Human error by atty's paralegal, my home has 100% exemption in Florida was not included in Sched C.
Sched titled "Chapter 7 individual statement of intention" it checked that property will be "retained", checked "I intend to reaffirm the debt", but THEN checked property is NOT claimed as exempt. I assume they used software.
She based homestead value on the tax roll value of $275K, real market value is $500K and listed mortgage at $425K. I noticed the error of market value, she said it did not matter due to FL 100% home exemption. Only $2K personal prop exemption claimed, obviously is not like we benefited from not claiming home exempt. BTW, my mortgage is current so is not like I want abandon. Now trustee filed motion to hire broker to sell my home! Atty is now filing amended schedules.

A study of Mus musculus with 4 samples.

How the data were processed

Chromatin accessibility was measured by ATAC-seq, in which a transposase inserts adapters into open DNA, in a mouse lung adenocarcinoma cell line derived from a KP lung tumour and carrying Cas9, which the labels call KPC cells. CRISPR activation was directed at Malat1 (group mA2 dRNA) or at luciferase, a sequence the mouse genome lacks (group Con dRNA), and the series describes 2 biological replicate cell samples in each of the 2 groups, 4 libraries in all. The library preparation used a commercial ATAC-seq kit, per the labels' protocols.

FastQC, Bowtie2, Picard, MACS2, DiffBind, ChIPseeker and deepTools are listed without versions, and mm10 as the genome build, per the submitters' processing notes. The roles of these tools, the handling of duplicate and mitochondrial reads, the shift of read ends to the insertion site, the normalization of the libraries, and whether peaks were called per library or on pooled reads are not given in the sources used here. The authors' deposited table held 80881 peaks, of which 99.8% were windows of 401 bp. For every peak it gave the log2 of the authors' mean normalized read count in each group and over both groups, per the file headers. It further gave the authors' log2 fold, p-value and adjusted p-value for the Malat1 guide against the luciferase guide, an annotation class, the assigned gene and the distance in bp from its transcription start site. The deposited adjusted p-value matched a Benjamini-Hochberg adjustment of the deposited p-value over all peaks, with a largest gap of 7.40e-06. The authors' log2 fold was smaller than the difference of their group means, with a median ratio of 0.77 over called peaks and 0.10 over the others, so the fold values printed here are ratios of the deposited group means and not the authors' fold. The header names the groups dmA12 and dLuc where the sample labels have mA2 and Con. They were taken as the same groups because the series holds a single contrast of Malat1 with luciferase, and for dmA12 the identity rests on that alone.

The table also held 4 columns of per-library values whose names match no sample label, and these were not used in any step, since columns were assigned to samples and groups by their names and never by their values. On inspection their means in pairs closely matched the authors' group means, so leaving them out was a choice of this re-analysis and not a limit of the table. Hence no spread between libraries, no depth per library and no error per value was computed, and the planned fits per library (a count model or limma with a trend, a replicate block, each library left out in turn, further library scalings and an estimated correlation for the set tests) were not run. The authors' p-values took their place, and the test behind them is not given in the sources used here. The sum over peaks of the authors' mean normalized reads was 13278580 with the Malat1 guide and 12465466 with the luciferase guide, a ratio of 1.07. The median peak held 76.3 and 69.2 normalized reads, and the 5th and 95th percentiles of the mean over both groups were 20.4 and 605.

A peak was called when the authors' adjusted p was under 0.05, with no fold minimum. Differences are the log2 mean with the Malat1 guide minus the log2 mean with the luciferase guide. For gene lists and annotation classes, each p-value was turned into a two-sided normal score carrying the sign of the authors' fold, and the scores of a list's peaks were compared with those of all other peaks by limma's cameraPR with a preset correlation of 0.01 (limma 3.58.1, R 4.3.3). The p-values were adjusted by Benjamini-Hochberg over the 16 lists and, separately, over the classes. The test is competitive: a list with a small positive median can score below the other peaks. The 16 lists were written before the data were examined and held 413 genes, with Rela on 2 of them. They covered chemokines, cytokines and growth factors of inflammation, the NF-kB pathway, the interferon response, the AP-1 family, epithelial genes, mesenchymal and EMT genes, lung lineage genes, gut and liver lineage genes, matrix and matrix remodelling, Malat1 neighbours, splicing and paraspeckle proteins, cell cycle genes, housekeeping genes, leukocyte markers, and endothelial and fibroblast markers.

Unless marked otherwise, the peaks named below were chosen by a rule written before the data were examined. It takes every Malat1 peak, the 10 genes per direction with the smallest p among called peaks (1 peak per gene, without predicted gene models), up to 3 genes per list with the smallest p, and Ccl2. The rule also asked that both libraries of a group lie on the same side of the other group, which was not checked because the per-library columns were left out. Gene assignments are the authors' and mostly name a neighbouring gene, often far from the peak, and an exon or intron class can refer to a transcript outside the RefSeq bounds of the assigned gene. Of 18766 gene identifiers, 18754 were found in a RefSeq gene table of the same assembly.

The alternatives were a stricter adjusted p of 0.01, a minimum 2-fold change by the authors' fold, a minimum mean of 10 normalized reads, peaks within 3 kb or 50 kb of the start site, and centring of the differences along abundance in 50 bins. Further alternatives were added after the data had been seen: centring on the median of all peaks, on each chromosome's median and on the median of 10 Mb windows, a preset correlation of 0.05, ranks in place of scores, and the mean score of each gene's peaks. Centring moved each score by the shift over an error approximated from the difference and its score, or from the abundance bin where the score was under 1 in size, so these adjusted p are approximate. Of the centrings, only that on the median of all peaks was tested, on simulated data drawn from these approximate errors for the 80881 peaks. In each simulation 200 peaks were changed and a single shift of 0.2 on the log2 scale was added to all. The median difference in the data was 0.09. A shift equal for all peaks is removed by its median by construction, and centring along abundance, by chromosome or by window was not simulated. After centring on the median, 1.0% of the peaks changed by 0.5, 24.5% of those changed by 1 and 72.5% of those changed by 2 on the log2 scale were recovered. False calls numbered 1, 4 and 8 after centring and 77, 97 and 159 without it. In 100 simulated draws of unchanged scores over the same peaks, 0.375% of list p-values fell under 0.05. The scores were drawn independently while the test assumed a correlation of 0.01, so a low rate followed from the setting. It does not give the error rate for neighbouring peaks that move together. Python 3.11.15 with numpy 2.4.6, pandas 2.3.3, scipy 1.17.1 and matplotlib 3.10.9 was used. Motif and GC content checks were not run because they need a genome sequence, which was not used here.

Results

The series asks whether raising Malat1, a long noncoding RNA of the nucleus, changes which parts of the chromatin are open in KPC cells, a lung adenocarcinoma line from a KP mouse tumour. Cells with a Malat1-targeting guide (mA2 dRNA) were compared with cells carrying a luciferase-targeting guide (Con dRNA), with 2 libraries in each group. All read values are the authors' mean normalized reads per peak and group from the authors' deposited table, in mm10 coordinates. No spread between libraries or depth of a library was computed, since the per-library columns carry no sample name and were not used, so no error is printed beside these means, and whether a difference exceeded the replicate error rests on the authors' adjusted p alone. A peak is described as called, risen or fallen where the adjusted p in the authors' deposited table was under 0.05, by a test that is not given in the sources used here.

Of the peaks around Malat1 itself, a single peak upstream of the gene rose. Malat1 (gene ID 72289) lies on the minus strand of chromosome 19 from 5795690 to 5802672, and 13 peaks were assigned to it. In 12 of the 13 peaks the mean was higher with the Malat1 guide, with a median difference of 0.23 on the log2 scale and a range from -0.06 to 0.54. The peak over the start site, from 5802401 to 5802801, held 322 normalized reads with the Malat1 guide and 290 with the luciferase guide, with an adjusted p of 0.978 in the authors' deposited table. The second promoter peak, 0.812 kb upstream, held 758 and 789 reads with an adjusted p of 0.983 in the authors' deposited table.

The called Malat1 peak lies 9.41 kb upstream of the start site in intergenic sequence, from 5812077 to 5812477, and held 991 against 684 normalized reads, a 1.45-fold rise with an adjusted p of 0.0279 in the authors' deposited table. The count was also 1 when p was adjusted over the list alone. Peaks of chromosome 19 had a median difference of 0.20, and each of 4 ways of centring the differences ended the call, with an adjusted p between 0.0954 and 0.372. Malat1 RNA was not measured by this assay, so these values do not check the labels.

I question whether trustee will object to amended schedules and have the judge side w/ him. If that were the case, then what? Fact of the matter is that my financial situation is now worst than when I filed. Don't attorneys carry errors and omissions insurance?
Amending is the right answer - omitting the homestead was an error (based upon the facts you recite) but it should be correctable. What is unclear is the affect of amending will be on your personal property - not claiming a homestead exemption can provide you significant benefits in terms of a "wild card" exemption of $4k per debtor (if you are married and filing jointly that could be two wild cards) so be sure what the net affect is. Candidly, it may be that a conversion to a Chapter 13 may be in your future depending upon your situation.
And make sure the error made was just that and you are working with competent counsel. Correctable human error is one thing. Someone not so familiar with the issues you are now facing is quite another.
Is there a question lurking here? The attorney is correct in filing an amendment.